Although small, weighing only an average of 4.5 ounces each, doves are commonly hunted for their meat. To feed one person, it usually takes about 2-3 doves. One dove makes for a good appetizer. Pigeons are a little larger, so one pigeon may be enough for a main course for one person. The culinary term for dove meat is usually just dove, but squab refers to young pigeon meat, which is very similar and often interchangeable with dove meat in recipes (as long as you account for the size difference, 3 doves = about 1 squab). The taste of dove meat has been compared by many to dark meat chicken or duck meat, and it has been described as fairly tough and rich in gamey flavor. Unlike duck, dove meat has very little fat on it. With over a 30 year long history of dove hunting in Argentina, and dove hunting rising to Argentina's most popular kind of hunting, there are a number of delicious Argentinian ways to prepare dove after a hunt. Food is a very big part of Argentinian culture, especially meat, as most traditional Argentinian dishes contain meat.
When preparing dove meat there are two main ways to do it: plucking or breasting. Plucking will result in the whole dove being ready to cook, while breasting prepares just the breast meat. Many people choose to breast the dove since 95 percent of the meat is in the breast anyway. By plucking, you gain the legs but they contain very small amounts of meat. However, the plucking method is also very popular since many recipes call for the whole dove. Plucking is a very simple process. Breasting is also simple, each dove only taking about 30 seconds to get the breast out. Dove is considered one of the easiest meats to prepare. The steps associated with each of these two methods follow:
How to Breast a Dove:
- Cut off the wings with a pair of kitchen scissors, or twist them off with your hands
- Remove the head using kitchen scissors
- Hold the bird belly-side-up and pluck the breast feathers
- Separate the breast meat from the dove by placing your thumbs on both sides of the line on the center of the stomach. Press lightly and pull thumbs away from each other until the skin pulls back revealing the breast meat. You may need a knife to detach the breast from the bone
- Rinse the breast with cold water to clean off any remaining blood or organs and pat dry with a paper towel
- Store meat in a plastic bag and refrigerate until you are ready to cook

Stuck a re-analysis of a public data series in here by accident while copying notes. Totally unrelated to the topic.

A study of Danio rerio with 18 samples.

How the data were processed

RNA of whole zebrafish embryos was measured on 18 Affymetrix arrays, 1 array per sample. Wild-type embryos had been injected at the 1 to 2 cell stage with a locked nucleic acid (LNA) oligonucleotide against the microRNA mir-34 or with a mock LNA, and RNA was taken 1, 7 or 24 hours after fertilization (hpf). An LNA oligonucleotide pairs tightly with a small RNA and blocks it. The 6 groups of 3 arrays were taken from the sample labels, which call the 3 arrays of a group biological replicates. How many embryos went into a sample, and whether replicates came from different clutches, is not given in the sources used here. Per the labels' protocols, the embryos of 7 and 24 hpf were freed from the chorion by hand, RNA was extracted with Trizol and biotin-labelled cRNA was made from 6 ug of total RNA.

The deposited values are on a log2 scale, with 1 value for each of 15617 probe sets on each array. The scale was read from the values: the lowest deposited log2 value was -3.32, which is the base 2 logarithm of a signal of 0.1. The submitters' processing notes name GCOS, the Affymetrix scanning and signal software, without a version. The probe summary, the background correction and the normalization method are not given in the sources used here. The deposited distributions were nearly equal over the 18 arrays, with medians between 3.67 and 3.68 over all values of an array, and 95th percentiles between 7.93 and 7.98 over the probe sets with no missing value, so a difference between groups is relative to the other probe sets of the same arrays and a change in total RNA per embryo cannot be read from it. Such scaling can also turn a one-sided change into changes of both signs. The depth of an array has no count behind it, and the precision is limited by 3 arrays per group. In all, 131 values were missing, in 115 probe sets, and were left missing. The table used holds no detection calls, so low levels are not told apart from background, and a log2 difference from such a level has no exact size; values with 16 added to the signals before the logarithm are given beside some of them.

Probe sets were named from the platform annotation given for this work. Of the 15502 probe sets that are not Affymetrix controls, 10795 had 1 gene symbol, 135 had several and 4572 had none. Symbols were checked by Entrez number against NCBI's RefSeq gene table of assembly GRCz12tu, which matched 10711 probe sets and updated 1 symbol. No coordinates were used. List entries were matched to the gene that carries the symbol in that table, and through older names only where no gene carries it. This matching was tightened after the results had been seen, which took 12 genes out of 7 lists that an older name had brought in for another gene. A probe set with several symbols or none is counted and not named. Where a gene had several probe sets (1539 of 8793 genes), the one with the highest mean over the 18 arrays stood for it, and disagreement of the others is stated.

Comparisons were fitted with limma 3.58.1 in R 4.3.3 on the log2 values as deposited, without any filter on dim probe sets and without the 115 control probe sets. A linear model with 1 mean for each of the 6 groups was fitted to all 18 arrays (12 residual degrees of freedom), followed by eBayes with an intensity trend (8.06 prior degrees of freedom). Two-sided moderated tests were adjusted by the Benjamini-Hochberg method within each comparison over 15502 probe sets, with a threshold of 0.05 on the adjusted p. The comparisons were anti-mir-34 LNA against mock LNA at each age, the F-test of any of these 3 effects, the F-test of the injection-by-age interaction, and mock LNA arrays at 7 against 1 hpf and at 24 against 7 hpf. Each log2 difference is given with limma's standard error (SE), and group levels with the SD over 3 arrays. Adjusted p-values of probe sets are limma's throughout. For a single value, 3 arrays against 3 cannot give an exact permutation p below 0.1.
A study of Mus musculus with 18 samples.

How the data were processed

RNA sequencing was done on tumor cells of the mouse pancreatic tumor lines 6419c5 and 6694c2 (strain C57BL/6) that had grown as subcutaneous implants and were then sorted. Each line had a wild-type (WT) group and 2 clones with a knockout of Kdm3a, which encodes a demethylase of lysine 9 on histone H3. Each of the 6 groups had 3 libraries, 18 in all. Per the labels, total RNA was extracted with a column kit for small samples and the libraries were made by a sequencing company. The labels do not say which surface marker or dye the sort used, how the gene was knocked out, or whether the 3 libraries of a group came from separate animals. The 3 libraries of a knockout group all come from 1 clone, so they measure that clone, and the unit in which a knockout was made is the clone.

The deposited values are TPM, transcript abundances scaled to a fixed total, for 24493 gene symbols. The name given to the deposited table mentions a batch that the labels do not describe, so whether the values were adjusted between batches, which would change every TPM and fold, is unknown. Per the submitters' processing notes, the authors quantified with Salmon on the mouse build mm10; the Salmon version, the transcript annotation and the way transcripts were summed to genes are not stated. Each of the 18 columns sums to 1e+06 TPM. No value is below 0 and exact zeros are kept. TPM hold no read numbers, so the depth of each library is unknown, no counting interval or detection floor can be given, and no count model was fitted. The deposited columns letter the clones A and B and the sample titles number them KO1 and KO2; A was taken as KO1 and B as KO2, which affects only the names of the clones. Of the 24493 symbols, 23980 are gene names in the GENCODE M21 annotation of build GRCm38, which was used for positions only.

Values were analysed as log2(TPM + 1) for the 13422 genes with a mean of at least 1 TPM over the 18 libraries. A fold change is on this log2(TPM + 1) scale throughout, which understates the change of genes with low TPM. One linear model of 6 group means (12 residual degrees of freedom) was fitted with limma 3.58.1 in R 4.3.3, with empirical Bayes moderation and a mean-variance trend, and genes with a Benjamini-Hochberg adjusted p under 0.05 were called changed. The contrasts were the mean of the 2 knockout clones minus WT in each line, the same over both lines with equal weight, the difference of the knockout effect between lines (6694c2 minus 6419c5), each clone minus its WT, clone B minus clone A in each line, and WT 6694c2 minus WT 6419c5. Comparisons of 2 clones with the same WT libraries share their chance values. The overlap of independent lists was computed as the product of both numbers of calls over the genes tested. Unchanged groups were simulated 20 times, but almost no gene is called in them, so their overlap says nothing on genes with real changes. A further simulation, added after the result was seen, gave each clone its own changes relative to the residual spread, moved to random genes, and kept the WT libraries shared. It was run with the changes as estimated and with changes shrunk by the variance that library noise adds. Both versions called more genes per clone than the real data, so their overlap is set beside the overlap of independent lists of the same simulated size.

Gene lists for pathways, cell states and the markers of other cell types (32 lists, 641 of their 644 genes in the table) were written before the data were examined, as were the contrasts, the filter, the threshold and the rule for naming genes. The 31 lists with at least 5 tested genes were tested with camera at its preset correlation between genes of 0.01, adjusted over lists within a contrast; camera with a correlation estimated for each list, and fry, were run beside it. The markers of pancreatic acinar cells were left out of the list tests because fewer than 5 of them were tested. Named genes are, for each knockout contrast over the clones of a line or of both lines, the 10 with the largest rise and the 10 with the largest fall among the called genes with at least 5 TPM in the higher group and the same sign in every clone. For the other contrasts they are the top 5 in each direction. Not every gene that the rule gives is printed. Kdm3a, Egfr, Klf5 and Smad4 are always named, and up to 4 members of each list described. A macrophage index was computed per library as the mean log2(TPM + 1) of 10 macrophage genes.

How to Pluck a Whole a Dove:
- Carefully pluck the feathers from the entire body, they will come off very easily
- Cut off the wings, head, and feet with kitchen scissors
- Remove the yellow gland by cutting off the flesh at the end of the tail
- Make a cut near the cloaca (located under the base of the tail, on the extreme lower abdomen) and remove the innards
- Store in a plastic bag, refrigerate, and rinse with cold water before cooking
Doves do not take very long to cook since they are so small. The meat can be grilled, roasted, fried, smoked, and stewed in many different ways. People say dove is best when grilled because it makes the skin crispy while not overcooking the breast meat. Dove should be served medium, still a little pink inside. Roasting is the second most common way to cook dove meat. This is usually done when the weather gets colder and grilling is not as convenient. Given the small size of these birds, you want to get everything you can from them with little waste. Once the meat is gone, saving the bones can make some delicious stock that can be used as a base for soups and stews, rice making, or braising. To get one quart of stock, you will probably need bones from about 5 birds. You can also utilize the hearts and gizzards by sauteing them and mixing them into risotto made with dove stock, or soaking them in your favorite marinade then grilling them and making kabobs. There are hundreds of dove recipes out there including bacon wrapped dove breasts, dove nuggets, and barbecued doves. One dove dish that is native to South America and popular in Spain and nearby countries is grilled doves a la mancha. This recipe requires whole, plucked doves and contains bay leaves, sage, and smoked paprika as the key flavors.
Try It for Yourself!
After your dove hunt in Argentina, you can look forward to an amazing meal, with light labor of meat preparation. Dove meat can be cooked in so many different ways and dishes, you will never get sick of it. If you are a lover of dark meat, dove is a must-try. Argentina’s high volume dove shooting is a favorite of many hunters and is sure to delight your dinner plate while on your trip with a generous helping of meat for your enjoyment.